Topic 11: Governance of CAPs

Submitted by Robin Hocquet | published 30th Aug 2021 | last updated 13th Sep 2021

Background: The KE4CAP Synthesis Report

This topic page forms a chapter of the KE4CAP Synthesis Report, which brings together learning from across KE4CAP's activities, including five virtual knowledge exchange events, three bilateral knowledge exchange event series, and the KE4CAP Survey (see Further Resources for links to relevant pages). The KE4CAP project is providing a global forum for developers and operators of climate adaptation knowledge platforms (CAPs) to come together to share knowledge and best practices, and to work together to address common and emerging challenges.

This early summary (September 2021) aims to provide food for thought for the KE4CAP Synthesis Workshop and will be followed by a more detailed and further illustrated synthesis report (and further developed topic pages) in December 2021.

Introduction: Governance

Governance supports the process of decision-making, and involves different structures and mechanisms within CAPs that define the strategic and operational management of the platform. Critical elements include leadership and the active involvement of a range of stakeholders, including representatives from user groups, information providers, purveyors, and funders, and drawing on representatives from government, NGOs, industry, communities and the media. Lack of appropriate governance can lead to platform content with mixed credibility, relevance, quality assurance and utility, as well as to the potential proliferation of fragmented and uncoordinated information.

Lessons Learnt

Current practices 

  • Advisory groups/steering committees/program boards. Provide oversight, strategic direction and links to policy and user requirements, as well as advice and recommendations on the work programme and guidance on priority actions. Members can act as champions for the platform including in the context of increasing legitimacy and credibility.
  • Working groups. Focussed on specific areas of interest such as developing content, coordinating with users and networks, enhancing synergies across national, regional, and local activities, advising on engagement and communication, increasing the platform reach, identifying gaps, innovations and new technologies, and considering new data and research.
  • Coordination units. A focus for the overall governance structure and outward-facing elements. Day-to-day management, implementation of updating processes, responding to information requests, dissemination and communications, and monitoring use.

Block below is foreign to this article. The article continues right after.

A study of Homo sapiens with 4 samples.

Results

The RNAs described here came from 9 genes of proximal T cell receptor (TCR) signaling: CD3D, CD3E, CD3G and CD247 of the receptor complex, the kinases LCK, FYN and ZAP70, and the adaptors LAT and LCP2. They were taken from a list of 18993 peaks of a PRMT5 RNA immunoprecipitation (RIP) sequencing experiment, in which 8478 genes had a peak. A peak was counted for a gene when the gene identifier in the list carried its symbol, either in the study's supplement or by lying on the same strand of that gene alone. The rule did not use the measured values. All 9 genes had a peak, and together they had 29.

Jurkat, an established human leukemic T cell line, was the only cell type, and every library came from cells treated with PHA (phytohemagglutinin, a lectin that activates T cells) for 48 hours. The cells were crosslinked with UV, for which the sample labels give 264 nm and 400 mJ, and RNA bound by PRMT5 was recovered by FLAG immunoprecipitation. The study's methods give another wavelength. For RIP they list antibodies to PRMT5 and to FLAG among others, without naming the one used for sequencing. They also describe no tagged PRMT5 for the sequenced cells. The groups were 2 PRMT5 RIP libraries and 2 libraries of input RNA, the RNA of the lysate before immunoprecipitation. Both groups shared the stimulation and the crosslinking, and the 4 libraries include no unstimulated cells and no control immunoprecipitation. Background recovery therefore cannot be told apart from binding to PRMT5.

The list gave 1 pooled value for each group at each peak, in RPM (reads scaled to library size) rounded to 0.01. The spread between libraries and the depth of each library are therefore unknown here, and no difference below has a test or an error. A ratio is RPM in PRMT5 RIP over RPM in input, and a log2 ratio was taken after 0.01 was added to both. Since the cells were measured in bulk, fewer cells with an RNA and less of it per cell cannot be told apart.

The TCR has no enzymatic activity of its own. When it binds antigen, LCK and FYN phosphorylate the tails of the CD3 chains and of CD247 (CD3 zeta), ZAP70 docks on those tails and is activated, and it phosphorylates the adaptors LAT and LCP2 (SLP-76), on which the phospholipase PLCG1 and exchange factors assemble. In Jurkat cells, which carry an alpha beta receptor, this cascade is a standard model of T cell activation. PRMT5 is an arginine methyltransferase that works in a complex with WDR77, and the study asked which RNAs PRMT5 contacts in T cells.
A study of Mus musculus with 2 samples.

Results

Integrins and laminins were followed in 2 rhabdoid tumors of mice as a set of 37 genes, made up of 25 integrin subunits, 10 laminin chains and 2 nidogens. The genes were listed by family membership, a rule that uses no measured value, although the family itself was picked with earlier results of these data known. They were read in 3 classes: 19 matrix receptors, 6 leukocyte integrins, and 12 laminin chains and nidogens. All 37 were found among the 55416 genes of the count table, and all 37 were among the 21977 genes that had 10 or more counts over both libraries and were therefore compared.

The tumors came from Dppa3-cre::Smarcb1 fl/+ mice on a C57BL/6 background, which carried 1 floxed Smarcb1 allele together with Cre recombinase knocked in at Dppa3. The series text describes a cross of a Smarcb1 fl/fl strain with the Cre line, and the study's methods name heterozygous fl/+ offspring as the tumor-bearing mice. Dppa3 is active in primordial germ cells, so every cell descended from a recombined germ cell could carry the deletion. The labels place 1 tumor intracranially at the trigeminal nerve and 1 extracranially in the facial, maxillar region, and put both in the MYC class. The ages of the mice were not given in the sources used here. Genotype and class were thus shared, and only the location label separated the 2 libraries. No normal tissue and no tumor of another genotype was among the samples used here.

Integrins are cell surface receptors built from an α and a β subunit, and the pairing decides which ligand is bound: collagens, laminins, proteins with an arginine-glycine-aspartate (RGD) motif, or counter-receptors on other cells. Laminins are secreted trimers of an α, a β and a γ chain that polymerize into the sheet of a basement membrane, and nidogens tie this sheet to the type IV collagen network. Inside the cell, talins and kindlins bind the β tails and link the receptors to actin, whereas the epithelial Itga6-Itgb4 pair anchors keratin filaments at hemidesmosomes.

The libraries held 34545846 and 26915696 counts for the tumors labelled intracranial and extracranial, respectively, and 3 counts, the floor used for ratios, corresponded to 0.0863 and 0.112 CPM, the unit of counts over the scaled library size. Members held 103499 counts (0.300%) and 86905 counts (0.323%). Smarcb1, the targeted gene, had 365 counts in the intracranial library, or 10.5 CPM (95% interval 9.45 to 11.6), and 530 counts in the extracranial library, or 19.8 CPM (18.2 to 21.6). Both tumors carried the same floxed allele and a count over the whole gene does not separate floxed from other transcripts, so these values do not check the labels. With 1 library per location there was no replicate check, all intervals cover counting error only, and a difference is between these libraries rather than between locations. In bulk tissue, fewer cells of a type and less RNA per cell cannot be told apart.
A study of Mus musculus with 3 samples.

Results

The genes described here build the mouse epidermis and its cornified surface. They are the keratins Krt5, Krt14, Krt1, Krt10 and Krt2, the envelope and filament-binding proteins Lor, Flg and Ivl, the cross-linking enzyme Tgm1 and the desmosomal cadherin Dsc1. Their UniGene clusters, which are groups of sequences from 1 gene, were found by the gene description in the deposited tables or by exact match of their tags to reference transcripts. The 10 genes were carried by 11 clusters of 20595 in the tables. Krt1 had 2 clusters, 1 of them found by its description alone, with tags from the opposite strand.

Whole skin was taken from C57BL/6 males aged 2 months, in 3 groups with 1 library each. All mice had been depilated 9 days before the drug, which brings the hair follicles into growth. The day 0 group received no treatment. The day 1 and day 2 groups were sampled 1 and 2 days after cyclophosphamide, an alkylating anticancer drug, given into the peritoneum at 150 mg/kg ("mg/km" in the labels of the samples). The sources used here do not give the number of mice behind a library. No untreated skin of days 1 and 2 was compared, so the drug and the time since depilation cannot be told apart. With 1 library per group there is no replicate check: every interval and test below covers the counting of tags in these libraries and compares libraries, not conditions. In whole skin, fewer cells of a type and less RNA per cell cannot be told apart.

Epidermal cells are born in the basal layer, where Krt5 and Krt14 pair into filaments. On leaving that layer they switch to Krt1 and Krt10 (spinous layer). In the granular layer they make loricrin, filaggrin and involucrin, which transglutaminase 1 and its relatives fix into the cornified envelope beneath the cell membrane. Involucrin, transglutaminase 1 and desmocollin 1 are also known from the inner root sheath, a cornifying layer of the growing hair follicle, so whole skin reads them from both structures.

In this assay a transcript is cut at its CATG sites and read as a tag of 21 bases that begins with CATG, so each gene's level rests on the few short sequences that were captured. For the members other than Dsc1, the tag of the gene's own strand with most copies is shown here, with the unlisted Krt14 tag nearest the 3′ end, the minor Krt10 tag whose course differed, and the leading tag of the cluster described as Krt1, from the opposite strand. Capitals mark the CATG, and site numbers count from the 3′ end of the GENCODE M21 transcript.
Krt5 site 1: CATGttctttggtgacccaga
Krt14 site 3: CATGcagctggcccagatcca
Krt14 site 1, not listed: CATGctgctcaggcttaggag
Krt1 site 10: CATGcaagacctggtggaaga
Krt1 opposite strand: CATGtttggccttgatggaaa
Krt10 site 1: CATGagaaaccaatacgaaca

Selected Innovations 

KliVO (Germany). A robust governance structure with two responsible government agencies working with an Inter-ministerial Working Group that coordinates work across government and provides additional legitimacy for the platform. Also supported by the Environment Agency, Met. Office and a research and development project that generates new input and ideas.

AdapteCCa (Spain) and Adapt2Climate (Belgium). Examples of effective working groups that maintain their own system of continual updating of tools and activities thus ensuring on-going provision of up-to-date information that responds to user needs.

Climateguide.fi, Finland is using the opportunity of a major redevelopment of the platform to strengthen governance structures in specific areas e.g., addressing multilingualism and the ongoing challenge of providing platforms in two official languages (Finnish and Swedish) and in English.

Shared challenges 

  • Providing a governance framework that ensures continuity and sustainability in a rapidly evolving environment (e.g., abrupt changes to funding, ending of collaborative partnerships, the need to augment governance structures to take account of a new or evolving delivery models).  
  • Balancing available resources as audiences and expectations grow and the need to maintain existing and develop new relationships. Need to adapt and streamline governance structures without impeding the ability to provide relevant services.
  • Securing resources across suitable timescales that allow platforms to develop.   
  • Encouraging recognition of platforms as an integral part of the wider knowledge base that supports adaptation policy development and action.